The Council on Contemporary Families has produced a mini-symposium on the Gender Revolution, titled, “You’ve Come a Long Way Baby.” Or Have You?. The keynote essay is by David Cotter, Joan Hermsen and Reeve Vanneman, and then a series of short essay follows.
The whole series is worth reading (they’re very short). Here is my contribution, with some references and suggestions linked:
What if women were in charge?
Few would deny there was a gender revolution in the world of management from the 1970s through the mid-1990s or so. Less remarked upon, but no less apparent, is the abrupt stall that followed. Was that progress for women a cause or consequence of gender equality in the workforce as a whole? It was both. And that means the stall spells trouble for future progress toward equality.
Research shows that women’s presence in management is beneficial not only for those who reach those positions of leadership, but for those they are charged with leading as well. Where women lead, workplaces are less gender segregated and less gender hierarchical. I don’t think that’s because women are inherently better or more egalitarian-minded as leaders and managers. But their experience, their perspective, and their behavior do diminish gender differentiation in workplace.
That’s not to say getting women to the top is more important than anti-discrimination enforcement or other government policies. But women entering management is part of what gave the gender revolution a boost. After more than doubling from 1970 to 1990 – from less than 15% to more than 30% – women have now climbed to just 38% of those employed full-time in management occupations. Further, those managerial women have median earnings that are just 73% of men’s (compared with 78% overall).*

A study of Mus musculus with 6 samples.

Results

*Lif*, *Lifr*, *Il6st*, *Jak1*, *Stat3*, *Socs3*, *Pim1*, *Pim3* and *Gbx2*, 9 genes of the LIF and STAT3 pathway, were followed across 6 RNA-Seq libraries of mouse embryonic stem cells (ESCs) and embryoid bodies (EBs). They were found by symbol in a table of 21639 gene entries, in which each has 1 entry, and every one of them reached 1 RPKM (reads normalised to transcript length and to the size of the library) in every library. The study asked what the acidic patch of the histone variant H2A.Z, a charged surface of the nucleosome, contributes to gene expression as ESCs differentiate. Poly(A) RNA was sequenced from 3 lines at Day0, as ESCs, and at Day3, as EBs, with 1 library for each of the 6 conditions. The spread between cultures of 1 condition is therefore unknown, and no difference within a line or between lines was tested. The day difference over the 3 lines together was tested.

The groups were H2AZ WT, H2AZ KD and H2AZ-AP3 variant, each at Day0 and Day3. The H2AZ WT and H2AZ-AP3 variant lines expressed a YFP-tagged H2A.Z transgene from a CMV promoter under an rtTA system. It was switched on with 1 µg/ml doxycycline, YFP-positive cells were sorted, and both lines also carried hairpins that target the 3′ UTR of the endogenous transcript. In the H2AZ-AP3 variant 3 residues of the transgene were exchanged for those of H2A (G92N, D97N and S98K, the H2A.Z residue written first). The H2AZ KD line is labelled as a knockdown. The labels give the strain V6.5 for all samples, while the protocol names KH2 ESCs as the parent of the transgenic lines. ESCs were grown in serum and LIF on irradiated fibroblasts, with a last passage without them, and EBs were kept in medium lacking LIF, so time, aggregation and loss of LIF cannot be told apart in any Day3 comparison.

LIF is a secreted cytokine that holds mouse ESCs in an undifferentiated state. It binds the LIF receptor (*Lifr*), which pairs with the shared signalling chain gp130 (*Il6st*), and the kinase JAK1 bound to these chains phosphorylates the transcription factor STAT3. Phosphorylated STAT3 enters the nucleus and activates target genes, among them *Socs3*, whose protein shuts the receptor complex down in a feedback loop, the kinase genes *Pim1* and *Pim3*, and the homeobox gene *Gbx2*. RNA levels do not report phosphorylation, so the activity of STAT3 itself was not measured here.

Something happened on the way to (partially) integrating management: women started getting concentrated in very specific types of positions. You might not be surprised to learn that 94% of day care center managers are women. But less obviously, women now make up three-quarters of the mangers in the human resource offices of the banking industry, and the frontline management of nursing homes. Three-quarters isn’t integration: it’s ghettoization. At the very top of the corporate hierarchy, on the other hand, just 16% of Fortune 500 corporate board of director members are women (3% are women of color), as are only 14% of their CEOs. In heavy blue-collar industries managerial women remain nearly invisible.
For women’s stall we may lay considerable blame on the logjam in our family-related workplace rights and policies, which force too many women (and men) to choose between work and family commitments, culling ambitious women from leadership tracks.
The strong association between gender and jobs undermines future efforts to integrate workplaces. Segregation shapes our consciousness and expectations with regard to men’s and women’s roles, skills, and potential. And that limits the choices young people have to develop and exercise their ambitions in the world of work.
Thanks to Stephanie Coontz for including me in the symposium, and editing my essay.
*American Community Survey, 2010, table S2402.